I am new to this community. I subscribed to ask a question here because I am really stuck.
My company makes electronic devices that use UDP 100 MB Ethernet communication with a PC (under Windows 7, 8.1 or 10).
It works perfectly with other brands of Ethernet adapters; but there is a strange behavious with the Intel NICs we tried (at least I219-V, I219-LM and I217-LM).
Basically, our electronic devices can be considered as cameras capturing about 150 images per second.
We send a small command on one socket via UDP to tell it to capture an image, then we receive the compressed image as a set of UDP packets on another socket.
Each packet contains up to 1444 bytes of data (to which one can add the data from the different layers of protocols, which in the end does not exceed the standard packet size => no need to use Jumbo packets).
The problem is that, sometimes (this varies from as often as every 5 seconds to as rarely as only once within a 10-mn period), I am waiting forever (until the defined UDP time out) for the data to arrive while it has been sent (I can see it by sniffing the data from another computer connected to the same switch). I could believe that the UDP packet was lost by the Intel NIC, but it has not been lost. If I send a new image capture command, the packets that I was waiting finally arrive, followed by the packets of the new image.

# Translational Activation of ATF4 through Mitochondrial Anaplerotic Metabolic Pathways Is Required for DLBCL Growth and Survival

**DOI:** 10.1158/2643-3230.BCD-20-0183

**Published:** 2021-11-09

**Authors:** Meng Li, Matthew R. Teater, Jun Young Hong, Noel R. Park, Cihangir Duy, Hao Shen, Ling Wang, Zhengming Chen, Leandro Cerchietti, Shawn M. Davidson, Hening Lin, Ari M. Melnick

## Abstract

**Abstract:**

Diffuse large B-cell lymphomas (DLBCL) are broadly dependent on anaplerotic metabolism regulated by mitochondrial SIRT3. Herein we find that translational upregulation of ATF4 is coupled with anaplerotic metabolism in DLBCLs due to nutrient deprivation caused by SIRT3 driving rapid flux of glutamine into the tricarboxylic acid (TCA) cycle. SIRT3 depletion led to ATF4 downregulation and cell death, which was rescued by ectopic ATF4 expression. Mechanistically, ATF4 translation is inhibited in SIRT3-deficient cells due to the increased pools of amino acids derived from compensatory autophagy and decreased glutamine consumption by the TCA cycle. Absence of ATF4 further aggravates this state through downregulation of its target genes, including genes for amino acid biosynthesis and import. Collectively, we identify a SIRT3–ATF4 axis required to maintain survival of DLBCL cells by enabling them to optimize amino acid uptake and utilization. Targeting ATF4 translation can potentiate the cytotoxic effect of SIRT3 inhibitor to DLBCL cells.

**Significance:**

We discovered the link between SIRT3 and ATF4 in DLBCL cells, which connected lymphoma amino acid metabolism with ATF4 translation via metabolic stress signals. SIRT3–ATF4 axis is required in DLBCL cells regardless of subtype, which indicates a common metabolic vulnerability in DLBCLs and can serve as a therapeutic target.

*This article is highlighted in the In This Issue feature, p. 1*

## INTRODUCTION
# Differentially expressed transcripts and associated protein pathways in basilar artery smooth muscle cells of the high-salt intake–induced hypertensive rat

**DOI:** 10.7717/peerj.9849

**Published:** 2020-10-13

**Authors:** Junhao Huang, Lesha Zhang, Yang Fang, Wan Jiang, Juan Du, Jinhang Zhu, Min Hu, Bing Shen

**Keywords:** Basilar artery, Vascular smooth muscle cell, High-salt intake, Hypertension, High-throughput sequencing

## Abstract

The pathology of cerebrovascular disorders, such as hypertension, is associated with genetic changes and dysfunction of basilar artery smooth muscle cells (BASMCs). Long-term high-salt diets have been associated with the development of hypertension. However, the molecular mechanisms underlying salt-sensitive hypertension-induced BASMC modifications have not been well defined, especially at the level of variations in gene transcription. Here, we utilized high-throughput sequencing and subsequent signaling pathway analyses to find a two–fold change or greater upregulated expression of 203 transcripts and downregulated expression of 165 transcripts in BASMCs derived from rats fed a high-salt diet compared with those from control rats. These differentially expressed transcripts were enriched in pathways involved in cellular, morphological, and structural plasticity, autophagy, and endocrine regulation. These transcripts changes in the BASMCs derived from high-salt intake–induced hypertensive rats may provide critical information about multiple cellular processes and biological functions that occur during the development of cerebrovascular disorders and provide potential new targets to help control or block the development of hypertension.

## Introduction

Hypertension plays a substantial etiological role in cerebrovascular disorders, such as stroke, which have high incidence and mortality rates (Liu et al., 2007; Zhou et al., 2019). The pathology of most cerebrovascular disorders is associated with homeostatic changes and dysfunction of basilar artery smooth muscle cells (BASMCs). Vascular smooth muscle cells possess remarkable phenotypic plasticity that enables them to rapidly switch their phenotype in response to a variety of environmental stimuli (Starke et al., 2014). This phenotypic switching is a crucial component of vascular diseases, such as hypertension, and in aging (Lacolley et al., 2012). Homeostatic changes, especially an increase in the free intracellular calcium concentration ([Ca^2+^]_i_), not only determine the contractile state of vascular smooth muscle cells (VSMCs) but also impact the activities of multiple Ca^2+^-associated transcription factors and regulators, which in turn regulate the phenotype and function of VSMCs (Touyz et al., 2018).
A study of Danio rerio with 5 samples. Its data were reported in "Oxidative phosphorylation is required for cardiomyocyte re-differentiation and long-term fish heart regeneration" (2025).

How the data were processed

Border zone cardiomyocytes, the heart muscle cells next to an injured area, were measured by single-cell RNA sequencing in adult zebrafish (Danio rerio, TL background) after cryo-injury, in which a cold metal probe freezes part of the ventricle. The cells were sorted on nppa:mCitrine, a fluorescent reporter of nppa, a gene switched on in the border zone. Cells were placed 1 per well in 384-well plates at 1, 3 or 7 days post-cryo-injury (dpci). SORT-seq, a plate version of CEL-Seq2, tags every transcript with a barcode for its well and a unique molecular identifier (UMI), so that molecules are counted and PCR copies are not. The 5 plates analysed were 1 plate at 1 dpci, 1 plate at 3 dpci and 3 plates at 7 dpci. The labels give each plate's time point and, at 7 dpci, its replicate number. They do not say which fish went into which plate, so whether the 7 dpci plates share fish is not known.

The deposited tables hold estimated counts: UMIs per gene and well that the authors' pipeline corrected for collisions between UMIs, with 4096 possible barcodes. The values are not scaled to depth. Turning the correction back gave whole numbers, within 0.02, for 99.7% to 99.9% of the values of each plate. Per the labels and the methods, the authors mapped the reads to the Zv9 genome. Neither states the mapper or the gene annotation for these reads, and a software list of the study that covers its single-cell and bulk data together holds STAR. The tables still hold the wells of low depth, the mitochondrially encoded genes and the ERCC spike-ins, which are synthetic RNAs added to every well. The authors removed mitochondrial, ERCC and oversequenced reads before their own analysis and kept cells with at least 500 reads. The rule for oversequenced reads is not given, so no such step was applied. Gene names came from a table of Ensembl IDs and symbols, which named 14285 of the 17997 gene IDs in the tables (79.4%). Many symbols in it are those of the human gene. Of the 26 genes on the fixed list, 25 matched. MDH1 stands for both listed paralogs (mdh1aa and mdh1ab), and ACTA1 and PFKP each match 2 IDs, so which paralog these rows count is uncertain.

Why are those packets stuck?
Is there any advanced parameter that I could modify from the device driver's configuration window or from a Registry key?
Note that I tried updating the Intel driver to recent versions (last one is 126.96.36.199). It seems to perform a little better that some other versions I tried (like the one installed by default in Windows), but none of the versions I tried work perfectly.
Many thanks in advance if you can help me understand what is wrong (either from me or from the driver). I have been struggling on this problem for months and we have to equip our customers who own a laptop with an Intel NIC with USB adapters with a NIC made by another brand to bypass the problem.